In the beginning of May, a colossal ransomware attack stormed the online community in the form of the WannaCry virus. Linked to this cyber-attack was the EternalBlue exploit; effectively circulating the virus across corporate LANs and wireless networks.
Just recently, another substantial cyber-attack was discovered via – once again – the EternalBlue exploit. The DoublePulsar exploit was also connected to the malware labeled “Adylkuzz”. This virus has the ability to blackout SMB networking; meaning any other malware or cyber-attack threatening the machine will be cancelled out.
A blogger at cnet explains the mechanisms of the virus,
“The virus hides in the background, so most victims wouldn’t even know they’ve been hacked. The symptoms include slowed down performance in PCs and loss of access to certain Windows resources. In one case, a hacker made up to $22,000 before the mining bot was booted.”
Even worse, Adylkuzz is also a cryptocurrency mining virus. After its installation, the virus executes a series of commands that will produce and extract the cryptocurrency to the attacker. While cryptocurrency mining is legal when done voluntarily, the Adylkuzz virus is…obviously not legal. Instead of the victims generating an income when verifying and validating transactions, the cryptocurrency is rerouted to the attacker’s account.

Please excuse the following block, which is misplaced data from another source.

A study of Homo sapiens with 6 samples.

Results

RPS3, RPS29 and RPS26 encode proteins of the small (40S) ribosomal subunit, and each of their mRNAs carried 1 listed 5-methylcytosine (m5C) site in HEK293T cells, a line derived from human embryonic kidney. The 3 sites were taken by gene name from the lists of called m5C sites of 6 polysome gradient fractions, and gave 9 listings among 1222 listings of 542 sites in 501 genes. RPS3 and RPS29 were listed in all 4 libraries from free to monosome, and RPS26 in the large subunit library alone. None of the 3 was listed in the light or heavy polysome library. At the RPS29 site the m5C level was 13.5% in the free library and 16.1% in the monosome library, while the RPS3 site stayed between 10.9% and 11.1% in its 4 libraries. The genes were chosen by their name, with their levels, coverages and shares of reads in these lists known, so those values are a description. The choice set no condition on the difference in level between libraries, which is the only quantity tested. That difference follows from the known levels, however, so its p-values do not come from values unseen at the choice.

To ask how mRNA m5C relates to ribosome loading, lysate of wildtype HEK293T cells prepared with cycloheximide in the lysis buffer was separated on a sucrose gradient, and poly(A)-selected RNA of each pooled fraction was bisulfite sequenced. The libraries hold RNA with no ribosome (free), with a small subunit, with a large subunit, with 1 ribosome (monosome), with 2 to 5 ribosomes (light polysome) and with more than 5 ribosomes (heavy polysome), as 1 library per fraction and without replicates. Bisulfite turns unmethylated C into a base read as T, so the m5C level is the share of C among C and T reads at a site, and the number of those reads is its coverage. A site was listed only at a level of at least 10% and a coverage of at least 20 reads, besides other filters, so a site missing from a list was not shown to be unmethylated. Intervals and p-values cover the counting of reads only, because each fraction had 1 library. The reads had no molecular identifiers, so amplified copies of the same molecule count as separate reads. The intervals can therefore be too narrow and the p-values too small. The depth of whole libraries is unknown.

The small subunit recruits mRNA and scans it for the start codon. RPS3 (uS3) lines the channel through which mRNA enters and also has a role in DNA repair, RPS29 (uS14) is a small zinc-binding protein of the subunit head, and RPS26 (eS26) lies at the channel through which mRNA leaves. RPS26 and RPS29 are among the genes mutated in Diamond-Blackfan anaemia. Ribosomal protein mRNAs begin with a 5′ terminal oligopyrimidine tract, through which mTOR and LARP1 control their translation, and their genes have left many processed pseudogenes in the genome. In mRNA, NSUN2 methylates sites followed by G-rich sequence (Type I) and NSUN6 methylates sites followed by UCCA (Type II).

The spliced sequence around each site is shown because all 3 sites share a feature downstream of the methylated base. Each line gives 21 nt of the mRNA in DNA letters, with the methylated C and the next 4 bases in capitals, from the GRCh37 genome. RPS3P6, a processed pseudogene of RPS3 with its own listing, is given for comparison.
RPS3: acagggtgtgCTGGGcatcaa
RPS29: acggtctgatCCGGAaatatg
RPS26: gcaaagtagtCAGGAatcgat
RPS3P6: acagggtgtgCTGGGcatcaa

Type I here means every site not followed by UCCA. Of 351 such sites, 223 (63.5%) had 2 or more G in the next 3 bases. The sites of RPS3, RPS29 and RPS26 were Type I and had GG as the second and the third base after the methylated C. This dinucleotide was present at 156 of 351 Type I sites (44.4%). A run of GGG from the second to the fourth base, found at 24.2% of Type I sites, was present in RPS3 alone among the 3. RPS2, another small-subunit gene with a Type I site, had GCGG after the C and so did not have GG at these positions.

Panda Security writes on their view of the Adylkuzz virus:
“What Adylkuzz does is turn the computers it infects into park of the Blockchain network, using most of their memory resources for the mining process, without users realizing. However, Adylkuzz prevents the owners of the compromised computers from earning any cyber-cash, sending it instead to the malware writers.”
At the rate Adylkuzz is spreading, it won’t be long before it surpasses WannaCry as the biggest cyber-attack in history. The leading problem with this infection is its ability to go undetected. While WannaCry was aggressive and alarming, Adylkuzz is silent and deadly. The online community needs to be extra aware in the upcoming months, especially if they participate in cryptocurrency mining.